Implementing The Leader in Me in a Middle School: I.S. 061 Leonardo da Vinci, Corona, New York
Author: Marshall Snedaker
October 28, 2015
The Leader in Me is not a process for only elementary schools. Many middle schools and high schools are piloting and have implemented a version of The Leader in Me process and have seen great success.
I.S. 061 Leonardo da Vinci School in Corona, New York, is in its second year of implementation. Principal Joseph Lisa and two teachers shared their approach to implementing and cultivating The Leader in Me and some of the positive changes they’ve seen in their school.
Antonella Caccioppoli, a teacher at I.S. 061, read The Leader in Me and shared it with principal Joseph Lisa. He was intrigued by the example of a middle school using a life-coach model to introduce the 7 Habits, and that there is flexibility in how to directly implement and teach the leadership principles.
Caccioppoli held voluntary meetings throughout the 2013–2014 school year in which teachers devoted personal time to learn more about The Leader in Me. The school also held a voluntary 7 Habits training over the summer. Here the teachers were able to Sharpen the Saw through professional development and become more aware of what defines the 7 Habits.
This empowered them to move forward with implementation for the new school year.
“We had our roundtable discussion about The Leader in Me book, and before you know it, we had drafts about restating our school’s mission statement,” Caccioppoli said. “We came back in September; the team grew larger and we finalized our new mission statement. This created the first footsteps towards synergy.”
Growing the Team
From that initial group of teachers, they picked the members for the Lighthouse Team. The team started to put together ideas for new roles and goals for the I.S. 061 community.
“What’s great about the book is that everybody took on the project of implementing The Leader in Me differently,” Lisa said. “You can really take ownership of it. We started very small and then grew very big, very fast. For me, I think it exceeded my expectations for what I thought it would be this year.”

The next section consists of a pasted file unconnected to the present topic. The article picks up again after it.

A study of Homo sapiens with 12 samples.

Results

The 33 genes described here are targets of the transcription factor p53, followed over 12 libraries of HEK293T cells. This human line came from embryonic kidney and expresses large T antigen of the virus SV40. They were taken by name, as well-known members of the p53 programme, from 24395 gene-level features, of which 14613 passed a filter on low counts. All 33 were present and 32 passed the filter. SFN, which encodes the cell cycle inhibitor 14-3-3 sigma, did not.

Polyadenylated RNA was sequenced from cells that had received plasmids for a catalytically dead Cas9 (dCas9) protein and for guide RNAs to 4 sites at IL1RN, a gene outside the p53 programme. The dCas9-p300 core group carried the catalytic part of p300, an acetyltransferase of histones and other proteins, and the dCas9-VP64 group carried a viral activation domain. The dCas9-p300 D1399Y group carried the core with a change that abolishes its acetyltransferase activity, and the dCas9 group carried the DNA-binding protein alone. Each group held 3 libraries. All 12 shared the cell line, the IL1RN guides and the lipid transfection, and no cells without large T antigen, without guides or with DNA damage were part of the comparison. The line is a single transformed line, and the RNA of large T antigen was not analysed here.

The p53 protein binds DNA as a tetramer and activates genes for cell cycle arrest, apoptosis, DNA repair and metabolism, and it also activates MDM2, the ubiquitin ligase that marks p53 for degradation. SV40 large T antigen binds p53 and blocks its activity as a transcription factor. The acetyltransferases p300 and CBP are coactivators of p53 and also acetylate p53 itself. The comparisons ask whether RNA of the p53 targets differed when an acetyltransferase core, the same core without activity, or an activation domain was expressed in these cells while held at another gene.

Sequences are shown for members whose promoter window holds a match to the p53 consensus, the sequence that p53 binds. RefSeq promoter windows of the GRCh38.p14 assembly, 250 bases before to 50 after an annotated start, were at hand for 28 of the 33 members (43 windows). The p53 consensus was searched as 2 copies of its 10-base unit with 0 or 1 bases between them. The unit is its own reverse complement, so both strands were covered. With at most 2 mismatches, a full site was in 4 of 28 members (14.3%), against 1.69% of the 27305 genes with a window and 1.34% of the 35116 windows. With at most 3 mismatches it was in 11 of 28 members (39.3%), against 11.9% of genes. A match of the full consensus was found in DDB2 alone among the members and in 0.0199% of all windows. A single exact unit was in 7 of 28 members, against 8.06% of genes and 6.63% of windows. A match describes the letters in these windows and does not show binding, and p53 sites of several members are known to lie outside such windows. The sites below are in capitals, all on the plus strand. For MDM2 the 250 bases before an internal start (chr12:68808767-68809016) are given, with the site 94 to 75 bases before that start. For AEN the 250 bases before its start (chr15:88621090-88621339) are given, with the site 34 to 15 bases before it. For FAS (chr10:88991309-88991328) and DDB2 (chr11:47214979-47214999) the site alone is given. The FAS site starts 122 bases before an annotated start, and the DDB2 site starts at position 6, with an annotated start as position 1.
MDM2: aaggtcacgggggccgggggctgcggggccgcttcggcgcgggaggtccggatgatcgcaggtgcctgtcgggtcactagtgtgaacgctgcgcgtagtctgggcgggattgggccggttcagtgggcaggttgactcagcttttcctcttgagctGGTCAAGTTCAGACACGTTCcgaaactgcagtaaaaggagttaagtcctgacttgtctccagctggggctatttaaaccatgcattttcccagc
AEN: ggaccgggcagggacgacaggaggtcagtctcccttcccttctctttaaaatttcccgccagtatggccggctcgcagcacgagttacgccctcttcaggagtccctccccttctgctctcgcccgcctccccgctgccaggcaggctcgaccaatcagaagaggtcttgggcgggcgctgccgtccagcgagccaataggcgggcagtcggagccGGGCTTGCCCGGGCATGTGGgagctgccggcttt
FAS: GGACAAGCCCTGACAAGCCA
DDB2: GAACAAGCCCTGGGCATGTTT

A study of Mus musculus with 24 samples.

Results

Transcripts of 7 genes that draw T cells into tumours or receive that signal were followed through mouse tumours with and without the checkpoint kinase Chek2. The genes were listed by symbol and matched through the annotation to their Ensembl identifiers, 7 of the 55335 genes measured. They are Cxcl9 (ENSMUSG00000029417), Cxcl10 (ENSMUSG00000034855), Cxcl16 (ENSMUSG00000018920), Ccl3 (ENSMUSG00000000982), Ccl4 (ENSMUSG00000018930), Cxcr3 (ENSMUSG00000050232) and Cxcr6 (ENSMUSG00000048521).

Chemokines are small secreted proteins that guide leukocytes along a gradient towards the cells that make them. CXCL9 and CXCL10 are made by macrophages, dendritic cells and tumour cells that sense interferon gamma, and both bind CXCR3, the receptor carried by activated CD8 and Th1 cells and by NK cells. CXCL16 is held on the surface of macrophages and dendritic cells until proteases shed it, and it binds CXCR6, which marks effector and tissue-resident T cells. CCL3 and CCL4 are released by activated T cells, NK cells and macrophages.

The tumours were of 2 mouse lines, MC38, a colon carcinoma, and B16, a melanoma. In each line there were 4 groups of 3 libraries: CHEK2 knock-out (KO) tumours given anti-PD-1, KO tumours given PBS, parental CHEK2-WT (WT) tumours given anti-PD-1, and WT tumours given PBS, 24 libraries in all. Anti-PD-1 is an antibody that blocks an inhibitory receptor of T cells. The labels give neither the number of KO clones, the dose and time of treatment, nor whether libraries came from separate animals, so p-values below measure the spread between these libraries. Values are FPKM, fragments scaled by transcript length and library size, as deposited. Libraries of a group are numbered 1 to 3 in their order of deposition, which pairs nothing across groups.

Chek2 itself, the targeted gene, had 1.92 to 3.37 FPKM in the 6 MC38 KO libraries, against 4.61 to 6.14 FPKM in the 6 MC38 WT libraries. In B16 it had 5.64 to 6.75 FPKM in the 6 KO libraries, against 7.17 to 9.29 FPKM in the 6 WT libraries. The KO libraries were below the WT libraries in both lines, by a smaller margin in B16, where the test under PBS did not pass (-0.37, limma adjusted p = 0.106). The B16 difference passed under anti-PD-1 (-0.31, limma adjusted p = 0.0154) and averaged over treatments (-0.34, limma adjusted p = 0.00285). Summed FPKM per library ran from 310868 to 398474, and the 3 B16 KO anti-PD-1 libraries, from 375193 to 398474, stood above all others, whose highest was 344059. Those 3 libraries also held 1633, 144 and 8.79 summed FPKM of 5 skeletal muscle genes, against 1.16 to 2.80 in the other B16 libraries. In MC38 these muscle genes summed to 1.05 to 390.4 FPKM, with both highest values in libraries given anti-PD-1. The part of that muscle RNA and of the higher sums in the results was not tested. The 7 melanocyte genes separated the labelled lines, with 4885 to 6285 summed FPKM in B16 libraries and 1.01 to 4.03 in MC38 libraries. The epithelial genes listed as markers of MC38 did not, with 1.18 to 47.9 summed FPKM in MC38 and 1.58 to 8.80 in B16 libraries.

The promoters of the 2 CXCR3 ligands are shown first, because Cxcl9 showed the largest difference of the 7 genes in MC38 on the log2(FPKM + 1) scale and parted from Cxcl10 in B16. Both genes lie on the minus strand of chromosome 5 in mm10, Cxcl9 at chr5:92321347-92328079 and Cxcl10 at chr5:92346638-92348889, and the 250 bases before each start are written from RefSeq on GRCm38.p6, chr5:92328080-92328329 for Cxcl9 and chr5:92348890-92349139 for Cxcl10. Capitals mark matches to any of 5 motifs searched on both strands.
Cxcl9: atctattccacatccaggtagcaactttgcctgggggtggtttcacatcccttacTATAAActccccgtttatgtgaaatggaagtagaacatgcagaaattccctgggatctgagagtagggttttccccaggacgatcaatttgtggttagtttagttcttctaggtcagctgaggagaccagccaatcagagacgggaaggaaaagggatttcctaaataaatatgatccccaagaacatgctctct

Giving Teachers the Choice
Since middle school students have multiple teachers and subjects each day, at I.S. 061 each teacher chose how to implement it into his or her specific subject.
Elizabeth Larsen, a Special Education teacher at I.S. 061, shared how giving teachers the choice and sharing their voice about the process has transferred to empowering students as well.
“Since the teachers now have a sense of empowerment for themselves, the students have also learned to embrace what empowerment means for them, and it’s given them a sense of control over their learning, over their friendships, and over how to deal with each other,” Larsen said. “We have noticed the areas in which the kids are growing.”
When deciding how to implement The Leader in Me at the schoolwide level, Caccioppoli explained how Lisa sent out a survey about the idea of using a life-coach model during an advisory period.
“Teachers volunteered to promote life skills in the advisory period, which was included in the teachers’ schedules,” Caccioppoli said. “Hopefully, we will continue the program until the students graduate, so they’ll have a life coach throughout the three years they are at our school.”
Changing the Environment
At the schoolwide level, they also hold assemblies and have posters and quotes throughout the building to remind students to be leaders.
“Every hallway in the building has some sort of poster, saying, or slogan to remind the students and the adults about leadership,” Larsen said.
“Just walking into the building, you can tell something is happening related to the 7 Habits. There is a constant reminder that this is our culture,” Caccioppoli said.
The team from I.S. 061 said they are learning and adapting as they continue to implement The Leader in Me. They recognize that the process takes time, but as they’ve started to make the change, they’ve already seen positive effects in the school and in their individual approaches to leadership.
“The program has helped me out tremendously. It’s given me the ability to see the other side a little bit better than I used to. I’ve let go of a little bit more of the control, and now things are more student-led,” Larsen said. “I want them to become the leader of their own learning and help each other as well.”
“A lot of times I would react to the negative, and that would put me in a negative state,” Lisa said. “Now I try to always think positive because I’m thinking with the end in mind and how I want something done—not just getting something done, but getting something done right.”
“We’re trying to learn a little bit more about who we are. I think we’re all changing a little bit. We’re finding our voice all over again; I know I am,” Caccioppoli said. “We’re not here just to teach students reading, writing, and arithmetic. We want to inspire them to become well-rounded individuals. If I don’t do this in my career now, I don’t think it’s going to matter if they got a 3 or 4 or 90 or 100 percent on their tests; I would not have done the best I could have done as an educator.”